Article image for Jim’s movie cheat sheet – 30 October


For as long as we can remember, Toy giant Hasbro – the makers of the hugely successful Transformer toys and movies, and owner of iconic board game company Parker Brothers – has been planning a film based on its classic greed-is-good board game Monopoly, a project that has now shifted into second gear thanks to a screenplay by Andrew Niccol (Gattaca; The Truman Show). Well, now there’s another fact-based Monopoly film on the boil, totally independent of Hasbro, that will go right back to the true origins of the game, which was patented in 1903 by proto feminist Elizabeth Magie. Called Landlord’s Game, it pre-dated the appearance of Monopoly by at least 30 years and was intended as a takedown of slumlords and capitalist pig-dogs. Fittingly, Magie eventually sold the rights to her game for $500 without bothering to lock down a back-end deal.


The great Mel Brooks taught us that, in the right satirical context, the figure of Adolf Hitler could provide comedy fodder as good as anything else, and the Germans are proving just how true that is. A new ‘Borat-style’ comedy film, Look Who’s Back, is presently burning up the German box office, hitting number one after three weeks. Based on a huge bestseller by Timur Vermes, the film catapults Hitler into contemporary German society and is being seen as a timely critique of the worrying rise of right wing extremism.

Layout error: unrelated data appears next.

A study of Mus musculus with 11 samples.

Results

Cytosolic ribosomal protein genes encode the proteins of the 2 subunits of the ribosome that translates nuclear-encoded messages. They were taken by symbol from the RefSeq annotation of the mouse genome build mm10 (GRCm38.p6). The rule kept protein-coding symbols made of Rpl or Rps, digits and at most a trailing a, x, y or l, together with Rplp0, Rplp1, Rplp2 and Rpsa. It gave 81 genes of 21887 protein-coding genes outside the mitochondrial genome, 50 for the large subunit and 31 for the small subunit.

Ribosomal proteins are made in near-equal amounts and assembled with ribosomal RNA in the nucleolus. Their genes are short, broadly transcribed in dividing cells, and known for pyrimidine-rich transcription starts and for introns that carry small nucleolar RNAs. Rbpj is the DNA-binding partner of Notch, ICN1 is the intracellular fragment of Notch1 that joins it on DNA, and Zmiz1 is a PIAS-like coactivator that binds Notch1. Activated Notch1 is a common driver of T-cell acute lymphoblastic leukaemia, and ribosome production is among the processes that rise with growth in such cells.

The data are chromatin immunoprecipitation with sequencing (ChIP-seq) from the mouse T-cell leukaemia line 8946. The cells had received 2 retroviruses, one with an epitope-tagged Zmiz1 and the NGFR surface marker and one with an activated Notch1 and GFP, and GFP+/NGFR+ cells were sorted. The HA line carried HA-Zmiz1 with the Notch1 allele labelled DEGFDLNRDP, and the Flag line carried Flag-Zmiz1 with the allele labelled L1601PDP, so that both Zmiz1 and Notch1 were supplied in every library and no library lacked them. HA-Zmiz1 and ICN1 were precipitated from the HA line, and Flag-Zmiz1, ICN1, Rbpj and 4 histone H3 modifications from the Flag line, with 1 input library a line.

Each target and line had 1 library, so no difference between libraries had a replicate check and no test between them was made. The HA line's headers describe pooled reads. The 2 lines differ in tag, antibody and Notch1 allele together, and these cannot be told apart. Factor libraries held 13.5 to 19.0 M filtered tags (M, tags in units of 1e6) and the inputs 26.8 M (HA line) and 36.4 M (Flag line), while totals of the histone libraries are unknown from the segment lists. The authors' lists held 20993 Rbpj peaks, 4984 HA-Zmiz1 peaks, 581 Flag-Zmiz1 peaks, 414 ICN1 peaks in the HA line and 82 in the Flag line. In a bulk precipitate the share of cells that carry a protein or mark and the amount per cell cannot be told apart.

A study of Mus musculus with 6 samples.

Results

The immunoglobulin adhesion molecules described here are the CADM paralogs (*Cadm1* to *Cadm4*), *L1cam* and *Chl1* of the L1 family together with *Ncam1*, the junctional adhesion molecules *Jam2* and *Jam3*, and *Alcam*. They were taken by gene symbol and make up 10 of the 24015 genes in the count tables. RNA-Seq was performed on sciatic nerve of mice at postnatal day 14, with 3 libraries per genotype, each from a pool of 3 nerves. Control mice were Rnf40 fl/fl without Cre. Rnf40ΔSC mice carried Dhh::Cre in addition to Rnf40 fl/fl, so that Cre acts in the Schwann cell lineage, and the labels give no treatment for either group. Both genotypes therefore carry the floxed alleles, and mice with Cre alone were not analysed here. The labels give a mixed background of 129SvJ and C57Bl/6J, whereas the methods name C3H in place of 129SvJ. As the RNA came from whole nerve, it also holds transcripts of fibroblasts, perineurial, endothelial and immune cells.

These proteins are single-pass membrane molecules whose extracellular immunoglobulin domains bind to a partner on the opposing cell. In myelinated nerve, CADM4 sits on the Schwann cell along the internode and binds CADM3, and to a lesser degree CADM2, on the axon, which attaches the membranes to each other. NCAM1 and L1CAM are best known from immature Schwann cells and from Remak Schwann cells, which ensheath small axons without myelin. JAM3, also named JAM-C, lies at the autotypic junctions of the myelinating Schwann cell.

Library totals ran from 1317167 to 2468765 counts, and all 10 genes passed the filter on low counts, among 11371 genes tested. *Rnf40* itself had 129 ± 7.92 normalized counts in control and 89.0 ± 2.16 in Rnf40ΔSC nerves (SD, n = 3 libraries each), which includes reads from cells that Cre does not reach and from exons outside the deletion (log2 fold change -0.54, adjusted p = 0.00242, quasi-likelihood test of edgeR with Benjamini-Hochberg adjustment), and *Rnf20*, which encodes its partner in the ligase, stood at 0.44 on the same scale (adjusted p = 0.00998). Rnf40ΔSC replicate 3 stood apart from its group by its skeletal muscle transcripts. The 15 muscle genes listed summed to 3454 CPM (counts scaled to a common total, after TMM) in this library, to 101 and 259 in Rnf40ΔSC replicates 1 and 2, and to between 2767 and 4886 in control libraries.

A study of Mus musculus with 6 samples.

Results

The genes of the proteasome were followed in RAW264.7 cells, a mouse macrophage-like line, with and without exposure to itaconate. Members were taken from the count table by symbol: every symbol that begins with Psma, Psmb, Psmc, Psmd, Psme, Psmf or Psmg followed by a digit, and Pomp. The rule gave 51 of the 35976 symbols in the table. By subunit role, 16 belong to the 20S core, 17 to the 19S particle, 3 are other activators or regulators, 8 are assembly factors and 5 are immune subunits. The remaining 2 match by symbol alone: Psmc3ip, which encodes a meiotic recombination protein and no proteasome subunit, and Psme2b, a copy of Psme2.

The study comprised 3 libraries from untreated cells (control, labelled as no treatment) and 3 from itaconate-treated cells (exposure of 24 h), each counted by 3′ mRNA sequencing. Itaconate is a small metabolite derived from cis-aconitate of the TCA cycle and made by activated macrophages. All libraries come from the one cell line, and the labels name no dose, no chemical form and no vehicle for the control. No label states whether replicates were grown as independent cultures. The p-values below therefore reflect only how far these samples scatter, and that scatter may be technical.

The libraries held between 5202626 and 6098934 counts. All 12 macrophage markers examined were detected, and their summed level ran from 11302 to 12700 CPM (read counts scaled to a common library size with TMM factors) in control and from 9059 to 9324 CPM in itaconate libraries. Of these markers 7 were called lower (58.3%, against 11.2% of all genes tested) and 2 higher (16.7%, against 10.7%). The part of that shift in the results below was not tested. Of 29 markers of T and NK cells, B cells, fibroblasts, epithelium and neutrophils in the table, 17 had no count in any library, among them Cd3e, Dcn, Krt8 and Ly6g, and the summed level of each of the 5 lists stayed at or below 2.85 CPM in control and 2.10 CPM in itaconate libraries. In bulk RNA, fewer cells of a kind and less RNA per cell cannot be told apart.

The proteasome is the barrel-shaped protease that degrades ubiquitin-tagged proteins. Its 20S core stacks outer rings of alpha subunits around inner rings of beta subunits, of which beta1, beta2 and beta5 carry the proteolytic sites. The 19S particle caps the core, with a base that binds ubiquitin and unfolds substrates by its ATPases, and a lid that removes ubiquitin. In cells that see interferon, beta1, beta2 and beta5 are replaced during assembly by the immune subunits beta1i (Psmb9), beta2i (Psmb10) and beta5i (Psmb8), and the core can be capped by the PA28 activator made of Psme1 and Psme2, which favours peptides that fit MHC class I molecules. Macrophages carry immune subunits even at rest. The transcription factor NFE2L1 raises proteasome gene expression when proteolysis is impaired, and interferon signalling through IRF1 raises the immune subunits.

Despite all the great reviews and Oscar buzz, the film Steve Jobs has died at the box office. Directed by Danny Boyle (Trainspotting; Slumdog Millionaire), based on a screenplay by Aaron Sorkin (The Social Network; The West Wing) and starring Michael Fassbender, the film took a paltry $US7.3m on its opening weekend, which is only a few dollars more than the small-scale 2013 film Jobs, which took $US6.7m. It’s possible the excellent Alex Gibney documentary Steve Jobs: The Man in the Machine that’s doing the rounds has rendered the new film as too much information about an all-too-famous public figure.


This sounds like trouble: a proposal by the Australian Directors’ Guild would see 50% of Screen Australia funds go to films and TV shows directed by females. Says ADG president Ray Argall: ‘Current funding is not being shared in a representative way. The ADG is concerned with diversity of all types, but is particularly concerned with the dramatic lack of equity in the funding of women and, in particular, female directors.’ Quotas are always troublesome and frought with dilemmas that are counter to common-sense. Given the fragile state of the Australian film industry, where things are evolving in the right direction and at the right pace, it really sounds like a bad idea at the wrong time. To employ a metaphor, when building a house of cards you shouldn’t go opening windows.


Steven Spielberg‘s Cold War drama Bridge of Spies opened strongly at #2, taking $2.4 million on 299 screens. Paranormal Activity: Ghost Dimension (#3) took a spooky $1.67m on 330 while Bradley Cooper‘s cooking film Burnt (#4) managed a tasty $1.25m on 246. The almighty Martian remained at #1, taking another $2.86m on 509 screens for a whopping four-week total of $21.6m. The film has taken $392m worldwide thus far.